1. #1
    ewiggy24's Avatar
    ewiggy24 is offline Junior Member


    Anyway, I just started YAYOG beginner, and after misunderstanding ladders, and confusing sets and reps, I ended up wondering why I could only do one set each time before hitting muscle failure. Needless to say the next day my triceps were burning. I could barely lift them above my head. Not helping the matter, I had an 11 hour shift that next day, and now, two days after my workout, which should be my next workout (Day 4 first week) the top half of my body is burning in a way that even typing hurts my arms.

    Should I keep forging ahead and working out according to schedule or should I take a break entirely, or just a break from exercising those muscles until they stop hurting? To be clear it is just soreness, but I have never been this sore in my life.


  3. #3
    ewiggy24's Avatar

    Oh, and thanks for the quick response.


    I have a fairly physical job as a busboy, which includes carrying kegs, buckets of ice and walking around like a maniac, as well as carrying crazy piles of dishes.

    Anyway, I just started YAYOG beginner, and after misunderstanding ladders, and confusing sets and reps, I ended up wondering why I could only do one set each time before hitting muscle failure. Needless to say the next day my triceps were burning. I could barely lift them above my head. Not helping the matter, I had an 11 hour shift that next day, and now, two days after my workout, which should be my next workout (Day 4 first week) the top half of my body is burning in a way that even typing hurts my arms.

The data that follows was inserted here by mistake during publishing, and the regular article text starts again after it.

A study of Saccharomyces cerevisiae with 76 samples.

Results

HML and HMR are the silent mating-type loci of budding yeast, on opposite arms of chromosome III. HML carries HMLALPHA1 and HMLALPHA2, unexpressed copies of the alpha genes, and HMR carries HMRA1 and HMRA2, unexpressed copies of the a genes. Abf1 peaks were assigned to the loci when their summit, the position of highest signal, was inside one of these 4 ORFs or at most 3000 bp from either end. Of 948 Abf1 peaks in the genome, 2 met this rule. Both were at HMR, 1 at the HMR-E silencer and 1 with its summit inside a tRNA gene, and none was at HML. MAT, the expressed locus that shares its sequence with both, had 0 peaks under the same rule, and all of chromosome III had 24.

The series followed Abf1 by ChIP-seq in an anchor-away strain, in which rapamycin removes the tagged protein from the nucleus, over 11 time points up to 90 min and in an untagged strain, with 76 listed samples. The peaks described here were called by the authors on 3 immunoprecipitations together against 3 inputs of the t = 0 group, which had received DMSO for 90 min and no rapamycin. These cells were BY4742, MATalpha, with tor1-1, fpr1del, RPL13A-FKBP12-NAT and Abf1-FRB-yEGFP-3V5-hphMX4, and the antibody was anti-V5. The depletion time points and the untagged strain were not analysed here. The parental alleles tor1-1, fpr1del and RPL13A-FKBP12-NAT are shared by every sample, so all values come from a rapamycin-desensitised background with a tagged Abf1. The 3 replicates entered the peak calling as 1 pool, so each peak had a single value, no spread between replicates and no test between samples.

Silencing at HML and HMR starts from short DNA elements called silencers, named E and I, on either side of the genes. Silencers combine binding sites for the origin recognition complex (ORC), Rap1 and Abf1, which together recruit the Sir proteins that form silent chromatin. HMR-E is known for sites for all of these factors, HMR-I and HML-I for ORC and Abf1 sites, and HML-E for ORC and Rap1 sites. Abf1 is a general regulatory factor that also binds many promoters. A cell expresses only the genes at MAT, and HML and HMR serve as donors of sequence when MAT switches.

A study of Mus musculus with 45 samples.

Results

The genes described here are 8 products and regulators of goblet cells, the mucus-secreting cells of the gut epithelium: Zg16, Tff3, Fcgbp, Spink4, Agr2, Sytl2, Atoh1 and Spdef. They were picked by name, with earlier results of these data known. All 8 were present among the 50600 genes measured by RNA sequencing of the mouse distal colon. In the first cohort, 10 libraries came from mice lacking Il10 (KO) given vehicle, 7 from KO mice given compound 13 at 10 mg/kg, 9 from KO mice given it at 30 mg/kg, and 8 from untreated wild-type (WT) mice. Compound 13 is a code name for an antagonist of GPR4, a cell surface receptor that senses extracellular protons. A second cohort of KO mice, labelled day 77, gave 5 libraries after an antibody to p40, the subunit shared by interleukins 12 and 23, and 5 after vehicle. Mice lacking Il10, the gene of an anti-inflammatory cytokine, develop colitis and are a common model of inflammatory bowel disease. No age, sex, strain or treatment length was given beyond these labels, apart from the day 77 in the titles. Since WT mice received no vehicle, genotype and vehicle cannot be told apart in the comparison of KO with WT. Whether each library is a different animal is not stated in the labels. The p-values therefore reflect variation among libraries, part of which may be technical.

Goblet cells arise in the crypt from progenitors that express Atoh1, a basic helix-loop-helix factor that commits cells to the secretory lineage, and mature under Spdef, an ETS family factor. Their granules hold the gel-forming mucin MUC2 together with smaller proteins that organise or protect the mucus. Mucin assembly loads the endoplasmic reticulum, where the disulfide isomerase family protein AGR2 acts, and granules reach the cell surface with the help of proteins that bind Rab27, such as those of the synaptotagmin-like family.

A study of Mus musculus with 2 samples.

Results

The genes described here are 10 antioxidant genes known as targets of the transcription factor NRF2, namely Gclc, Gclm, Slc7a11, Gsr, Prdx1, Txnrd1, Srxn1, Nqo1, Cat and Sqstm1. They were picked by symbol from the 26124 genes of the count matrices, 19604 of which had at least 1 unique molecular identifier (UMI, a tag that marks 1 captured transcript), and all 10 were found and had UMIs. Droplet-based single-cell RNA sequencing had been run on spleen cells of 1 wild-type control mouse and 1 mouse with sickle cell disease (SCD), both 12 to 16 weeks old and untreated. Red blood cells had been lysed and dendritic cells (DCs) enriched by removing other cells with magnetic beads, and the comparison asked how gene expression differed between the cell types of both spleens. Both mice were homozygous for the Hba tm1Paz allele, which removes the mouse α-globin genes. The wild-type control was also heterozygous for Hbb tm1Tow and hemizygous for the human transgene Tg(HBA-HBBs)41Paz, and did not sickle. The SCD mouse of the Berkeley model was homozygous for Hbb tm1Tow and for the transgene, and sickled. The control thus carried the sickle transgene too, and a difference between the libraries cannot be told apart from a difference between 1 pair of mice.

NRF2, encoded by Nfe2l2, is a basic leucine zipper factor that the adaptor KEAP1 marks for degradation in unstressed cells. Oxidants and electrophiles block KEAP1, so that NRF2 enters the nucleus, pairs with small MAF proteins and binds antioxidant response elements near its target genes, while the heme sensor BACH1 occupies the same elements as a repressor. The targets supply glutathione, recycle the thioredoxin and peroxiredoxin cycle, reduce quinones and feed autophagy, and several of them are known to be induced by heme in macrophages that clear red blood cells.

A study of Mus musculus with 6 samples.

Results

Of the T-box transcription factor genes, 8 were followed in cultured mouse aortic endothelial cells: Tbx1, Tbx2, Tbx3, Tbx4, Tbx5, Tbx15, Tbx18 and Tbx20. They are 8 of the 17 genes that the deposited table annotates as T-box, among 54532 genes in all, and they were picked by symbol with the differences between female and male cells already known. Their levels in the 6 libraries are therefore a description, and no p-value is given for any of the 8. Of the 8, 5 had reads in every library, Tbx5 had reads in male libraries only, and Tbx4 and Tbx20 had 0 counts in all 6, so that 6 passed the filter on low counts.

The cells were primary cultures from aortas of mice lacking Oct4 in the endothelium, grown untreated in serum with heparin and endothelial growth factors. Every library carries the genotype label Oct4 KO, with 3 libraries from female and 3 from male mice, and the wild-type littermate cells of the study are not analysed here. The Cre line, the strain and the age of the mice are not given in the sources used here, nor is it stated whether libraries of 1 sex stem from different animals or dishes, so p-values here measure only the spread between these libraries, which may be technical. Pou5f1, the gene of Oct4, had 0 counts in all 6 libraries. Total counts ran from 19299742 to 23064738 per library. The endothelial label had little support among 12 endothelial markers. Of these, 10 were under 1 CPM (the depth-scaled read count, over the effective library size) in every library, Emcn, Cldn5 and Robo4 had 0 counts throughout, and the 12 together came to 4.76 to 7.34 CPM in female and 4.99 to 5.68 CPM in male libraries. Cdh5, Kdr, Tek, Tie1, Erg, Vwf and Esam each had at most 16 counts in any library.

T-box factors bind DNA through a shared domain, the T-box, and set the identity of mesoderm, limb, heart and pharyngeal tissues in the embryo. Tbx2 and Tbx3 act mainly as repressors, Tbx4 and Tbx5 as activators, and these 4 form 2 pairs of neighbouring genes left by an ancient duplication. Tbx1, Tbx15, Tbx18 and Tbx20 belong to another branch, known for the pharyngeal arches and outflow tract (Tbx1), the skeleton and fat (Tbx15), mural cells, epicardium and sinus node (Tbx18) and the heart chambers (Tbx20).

Should I keep forging ahead and working out according to schedule or should I take a break entirely, or just a break from exercising those muscles until they stop hurting? To be clear it is just soreness, but I have never been this sore in my life.

    For instance, mine has plenty of full body movement (walking fast, climbing in and out of a large lifted truck, calf raises to look over walls) but almost no strength components. I should be lifting weights and not running. You may need to up things like sprints or whatever your day is missing and either cut back or ignore other parts that are already in a normal work day (overhead presses, etc).

  8. #8



    I also have a pretty frail frame, and I would love so much to make it even slightly larger.